Posted by Angelique in Animal welfare.
Tags: , , , ,

Animal welfare seems to be a pretty straightforward concept until you try to measure it. How do you figure out whether any particular animal – let’s say, a hen in the egg-production industry – has positive or negative welfare? There are some obvious physical signs of distress you can look for to determine whether she’s in an advanced stage of suffering: broken bones, missing feathers, a lame gait. But in the absence of these markers, how do you know if she’s happy or sad? Is there any way to tell whether a hen busily pecking through grass on pasture is happier than one intently pecking through straw on the concrete floor of an industrial henhouse? To the untrained eye, they are hard to distinguish.

Even to the trained eye, it’s not so easy to tell who’s got the good life. Some of the most sophisticated methods of assessing animal welfare measure the levels of corticosterone, a stress hormone, in manure. You’d think the more stress hormone, the worse off the animal. However, it turns out that corticosterone levels also rise during activities like mating, which presumably don’t make animals miserable. Another advanced research method is to give an animal various options – in our example above, the option of being inside or outside – and to assume that whatever she chooses is best for her welfare. However, this approach has a variety of problems, starting with the fact that animals, especially domesticated ones who have not been bred for street smarts, don’t necessarily know what’s good for them. Turkeys will stand with their necks outstretched in a rainstorm and choke to death on the water coming down their throats.

 One solution to the problem of measuring animal welfare is simply to give up and find an alternative criterion to judge whether we are treating animals ethically. Bernard Rollin, one of the most prestigious philosophical proponents of ethical treatment, focuses on the telos, or natural purpose, of animals as indicative of their well-being. If the way we raise animals allows them to exercise their natural instincts (if our practices respect the pigness of the pig, in his words) then Rollin would say we are doing right by them. That just assumes that the natural state of an animal is the best one, though, and if we really care about happiness and not just naturalness for its own sake, it would be nice to have a little more evidence that natural = happy. (To be fair to Rollin, he doesn’t reject the endeavor to measure animal welfare outright; he suggests that we supplement the concept of welfare with the notion of telos and use both to decide how to raise farm animals ethically.)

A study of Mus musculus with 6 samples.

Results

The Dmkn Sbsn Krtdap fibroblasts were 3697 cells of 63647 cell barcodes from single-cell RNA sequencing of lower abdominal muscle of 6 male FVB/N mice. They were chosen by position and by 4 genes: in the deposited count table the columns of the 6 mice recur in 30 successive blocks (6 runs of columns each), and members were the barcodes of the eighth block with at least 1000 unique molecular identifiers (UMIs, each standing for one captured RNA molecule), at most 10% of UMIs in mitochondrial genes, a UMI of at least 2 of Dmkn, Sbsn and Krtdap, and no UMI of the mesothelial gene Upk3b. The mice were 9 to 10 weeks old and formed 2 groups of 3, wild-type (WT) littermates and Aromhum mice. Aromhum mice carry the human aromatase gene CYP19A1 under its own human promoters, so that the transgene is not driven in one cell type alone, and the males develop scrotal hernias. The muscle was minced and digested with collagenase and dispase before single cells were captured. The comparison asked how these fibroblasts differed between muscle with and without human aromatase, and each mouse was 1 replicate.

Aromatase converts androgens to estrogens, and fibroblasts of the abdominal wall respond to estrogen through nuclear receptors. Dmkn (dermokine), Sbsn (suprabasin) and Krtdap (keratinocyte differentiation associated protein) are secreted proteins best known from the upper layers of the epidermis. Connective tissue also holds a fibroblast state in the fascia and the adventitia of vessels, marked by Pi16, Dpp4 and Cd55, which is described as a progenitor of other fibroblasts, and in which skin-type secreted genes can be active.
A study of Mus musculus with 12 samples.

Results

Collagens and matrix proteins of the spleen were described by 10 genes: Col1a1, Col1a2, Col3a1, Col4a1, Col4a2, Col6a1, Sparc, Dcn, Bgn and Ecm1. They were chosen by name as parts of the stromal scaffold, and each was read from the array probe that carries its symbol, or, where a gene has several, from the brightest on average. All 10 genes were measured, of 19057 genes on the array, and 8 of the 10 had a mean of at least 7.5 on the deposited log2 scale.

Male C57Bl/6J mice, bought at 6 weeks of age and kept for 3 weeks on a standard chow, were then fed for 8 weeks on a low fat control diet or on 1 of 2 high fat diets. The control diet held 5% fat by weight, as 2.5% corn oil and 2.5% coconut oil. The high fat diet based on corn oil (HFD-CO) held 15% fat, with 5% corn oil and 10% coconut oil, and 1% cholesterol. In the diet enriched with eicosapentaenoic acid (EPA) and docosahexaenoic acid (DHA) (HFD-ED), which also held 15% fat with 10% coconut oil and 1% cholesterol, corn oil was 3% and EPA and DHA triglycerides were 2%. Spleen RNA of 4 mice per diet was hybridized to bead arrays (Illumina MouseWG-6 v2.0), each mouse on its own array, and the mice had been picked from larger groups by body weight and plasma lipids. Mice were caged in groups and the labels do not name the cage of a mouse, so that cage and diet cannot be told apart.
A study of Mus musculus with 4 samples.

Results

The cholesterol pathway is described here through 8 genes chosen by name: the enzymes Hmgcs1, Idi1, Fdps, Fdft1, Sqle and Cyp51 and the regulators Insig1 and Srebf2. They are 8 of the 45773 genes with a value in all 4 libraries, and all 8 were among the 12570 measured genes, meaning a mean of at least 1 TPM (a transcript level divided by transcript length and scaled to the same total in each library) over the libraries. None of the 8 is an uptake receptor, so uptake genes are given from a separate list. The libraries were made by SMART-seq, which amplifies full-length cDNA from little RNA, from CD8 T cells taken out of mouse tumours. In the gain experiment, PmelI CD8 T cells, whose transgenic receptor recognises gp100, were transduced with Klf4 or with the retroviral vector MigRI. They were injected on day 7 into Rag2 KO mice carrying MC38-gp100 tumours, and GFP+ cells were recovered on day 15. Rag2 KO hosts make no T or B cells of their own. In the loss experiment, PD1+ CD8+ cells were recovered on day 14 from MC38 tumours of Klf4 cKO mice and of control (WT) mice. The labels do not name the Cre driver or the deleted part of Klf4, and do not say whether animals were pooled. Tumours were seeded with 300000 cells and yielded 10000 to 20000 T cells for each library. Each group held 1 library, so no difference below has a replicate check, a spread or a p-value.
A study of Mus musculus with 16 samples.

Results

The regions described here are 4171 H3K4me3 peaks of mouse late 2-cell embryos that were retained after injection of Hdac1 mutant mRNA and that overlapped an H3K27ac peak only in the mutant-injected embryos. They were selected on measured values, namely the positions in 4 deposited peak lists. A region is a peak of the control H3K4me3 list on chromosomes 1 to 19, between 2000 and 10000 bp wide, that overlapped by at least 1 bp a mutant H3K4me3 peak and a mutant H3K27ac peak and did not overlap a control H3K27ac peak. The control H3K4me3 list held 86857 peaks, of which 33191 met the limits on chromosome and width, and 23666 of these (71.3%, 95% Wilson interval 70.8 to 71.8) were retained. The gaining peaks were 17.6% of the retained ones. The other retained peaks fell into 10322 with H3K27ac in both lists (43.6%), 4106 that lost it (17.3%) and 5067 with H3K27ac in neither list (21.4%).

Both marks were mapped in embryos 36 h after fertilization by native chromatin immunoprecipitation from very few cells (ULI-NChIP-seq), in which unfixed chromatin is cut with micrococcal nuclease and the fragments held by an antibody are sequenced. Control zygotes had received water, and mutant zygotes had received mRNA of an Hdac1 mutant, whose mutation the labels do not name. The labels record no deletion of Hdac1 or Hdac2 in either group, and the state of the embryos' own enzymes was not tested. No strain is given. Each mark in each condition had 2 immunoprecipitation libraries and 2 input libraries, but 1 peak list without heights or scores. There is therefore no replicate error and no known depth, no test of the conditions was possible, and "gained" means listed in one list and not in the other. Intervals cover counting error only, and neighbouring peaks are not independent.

If we’re not willing to defend nature “red in tooth and claw” on its own merits, we have to find some way of bridging the gap between what’s natural and what promotes welfare. Perhaps the way to do it is as follows: recognizing that we cannot be sure that the natural environment is the optimal one for animal welfare, at least we know that by providing them with one (or as close to one as we can get in agriculture) we are not making animals worse off than they would have been without our intervention. The natural environment may not be heaven on earth, but at least we humans aren’t screwing things up.



1. Guillaume - April 2, 2010

I don’t understand the title – how is it related to the article?

Also, it’s a myth that turkeys stare in the rain with open beaks until they drown. Check out http://www.upc-online.org/turkeys/120403notdumb.htm, http://animals.howstuffworks.com/birds/turkey-drown.htm or http://www.snopes.com/critters/wild/turkey.asp.

Angelique - April 2, 2010

Um, the title was my attempt to wryly mimic a chicken’s possible reaction to being exiled from the comfortable henhouse world into the climatically-unfriendly outdoors. Guess that didn’t come through.
Perhaps the turkey story is apocryphal, but my source is an actual farmer, writing in The American at http://www.american.com/archive/2009/july/the-omnivore2019s-delusion-against-the-agri-intellectuals/. He notes that a fellow farmer lost 4000 turkeys to such an incident. Well, even if it’s not true, there are plenty of other cases of animals willingly opting to reduce their welfare. Lab rats will overeat and get fat if given a wide choice of sweet foods (so will humans). Some cats used to wet food limit their water drinking even when switched to dry food to the point of causing kidney damage. *Examples from John Webster, Animal Welfare: A Cool Eye towards Eden.